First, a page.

Officials quiet on post allowance cuts for civilians in Korea
SEOUL — U.S. Forces Korea and the State Department are mum about what led to a sudden cut in post allowance for Korea-based government employees and what they are doing to address the issue, which USFK commander Gen. Curtis Scaparrotti has called a “priority.”
The post allowance rate dropped to zero percent of disposable income on May 4, after hovering at 15 percent to 20 percent this year. In a May 16 letter to the command’s civilian employees, Scaparrotti said only that the change was the result of a recent State Department-managed survey.
In an email Thursday to Stars and Stripes, a State Department spokesperson said the agency “is aware of the concerns of the military community regarding the impact of this latest survey and is looking into the issue.”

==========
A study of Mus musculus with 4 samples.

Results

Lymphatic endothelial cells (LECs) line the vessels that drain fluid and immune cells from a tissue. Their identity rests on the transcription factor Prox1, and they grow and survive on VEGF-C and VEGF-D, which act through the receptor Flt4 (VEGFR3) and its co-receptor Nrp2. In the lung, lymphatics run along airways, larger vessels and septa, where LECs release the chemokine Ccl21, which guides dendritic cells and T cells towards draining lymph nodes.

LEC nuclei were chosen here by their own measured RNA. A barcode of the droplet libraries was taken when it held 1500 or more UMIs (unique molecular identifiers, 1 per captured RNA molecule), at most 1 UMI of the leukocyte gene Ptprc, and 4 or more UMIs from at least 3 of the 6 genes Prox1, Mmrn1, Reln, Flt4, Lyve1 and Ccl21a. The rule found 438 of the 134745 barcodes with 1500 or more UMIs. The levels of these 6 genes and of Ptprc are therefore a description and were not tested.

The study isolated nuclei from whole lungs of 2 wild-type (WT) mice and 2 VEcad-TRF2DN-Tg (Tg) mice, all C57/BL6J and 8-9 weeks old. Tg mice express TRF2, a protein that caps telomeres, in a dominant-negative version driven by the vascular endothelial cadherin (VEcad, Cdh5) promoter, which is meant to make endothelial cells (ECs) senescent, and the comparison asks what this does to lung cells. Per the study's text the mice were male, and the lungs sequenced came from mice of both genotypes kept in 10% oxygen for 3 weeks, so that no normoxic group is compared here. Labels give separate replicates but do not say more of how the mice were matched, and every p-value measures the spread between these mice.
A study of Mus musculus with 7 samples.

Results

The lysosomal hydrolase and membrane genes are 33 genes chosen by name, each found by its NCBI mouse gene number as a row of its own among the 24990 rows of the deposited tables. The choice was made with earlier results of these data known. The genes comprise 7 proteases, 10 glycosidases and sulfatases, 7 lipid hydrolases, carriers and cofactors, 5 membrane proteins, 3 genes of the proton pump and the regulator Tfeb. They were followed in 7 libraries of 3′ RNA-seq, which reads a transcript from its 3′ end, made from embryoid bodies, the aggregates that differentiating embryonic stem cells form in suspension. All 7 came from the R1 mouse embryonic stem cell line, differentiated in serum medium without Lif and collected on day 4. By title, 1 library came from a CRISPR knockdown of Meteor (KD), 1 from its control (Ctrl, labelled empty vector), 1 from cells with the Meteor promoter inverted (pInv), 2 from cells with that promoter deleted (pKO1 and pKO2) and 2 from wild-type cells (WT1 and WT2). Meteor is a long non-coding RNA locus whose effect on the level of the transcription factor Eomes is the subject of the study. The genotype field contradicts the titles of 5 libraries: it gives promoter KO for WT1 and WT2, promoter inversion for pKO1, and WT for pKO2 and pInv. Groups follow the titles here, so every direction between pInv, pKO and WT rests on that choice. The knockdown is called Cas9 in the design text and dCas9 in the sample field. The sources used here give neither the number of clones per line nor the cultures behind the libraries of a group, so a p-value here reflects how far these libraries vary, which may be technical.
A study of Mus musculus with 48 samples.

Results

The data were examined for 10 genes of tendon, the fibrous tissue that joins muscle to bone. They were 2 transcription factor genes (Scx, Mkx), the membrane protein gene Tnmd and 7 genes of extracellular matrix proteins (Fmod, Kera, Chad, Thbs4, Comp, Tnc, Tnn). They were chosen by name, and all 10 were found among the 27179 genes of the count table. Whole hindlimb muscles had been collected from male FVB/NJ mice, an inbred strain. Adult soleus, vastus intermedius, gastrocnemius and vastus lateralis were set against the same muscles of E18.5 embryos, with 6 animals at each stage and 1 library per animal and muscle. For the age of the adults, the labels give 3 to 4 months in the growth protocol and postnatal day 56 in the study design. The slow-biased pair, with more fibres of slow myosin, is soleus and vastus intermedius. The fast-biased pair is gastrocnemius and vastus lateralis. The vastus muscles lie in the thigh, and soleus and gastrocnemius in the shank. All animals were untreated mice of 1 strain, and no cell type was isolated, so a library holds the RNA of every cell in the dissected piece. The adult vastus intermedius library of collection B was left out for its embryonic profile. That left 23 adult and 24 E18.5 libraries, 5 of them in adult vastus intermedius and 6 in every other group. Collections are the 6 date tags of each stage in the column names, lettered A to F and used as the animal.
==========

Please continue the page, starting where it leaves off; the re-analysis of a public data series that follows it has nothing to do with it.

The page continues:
Neither the State Department nor USFK would address questions about whether the cut was an error, whether it was expected to be reinstated, and how many civilians are affected.
Post allowance — also known as COLA, or the Cost of Living Allowance — is given to U.S. government employees stationed overseas in a location where the cost of living is substantially higher than in Washington, D.C., allowing them to spend the same portion of their basic compensation for living expenses without seeing a reduction in their living standards.
The State Department said the index that determines COLA is “updated periodically to reflect changes in economic conditions both in the host country and at home.”
Korea-based civilians saw their first reduced paycheck for the May 4-17 pay period.
In his letter, Scaparrotti said he is “very concerned about the effect this will have on you and your families.”
“I feel very strongly about protecting your pay, so I will work this issue as a priority,” he added.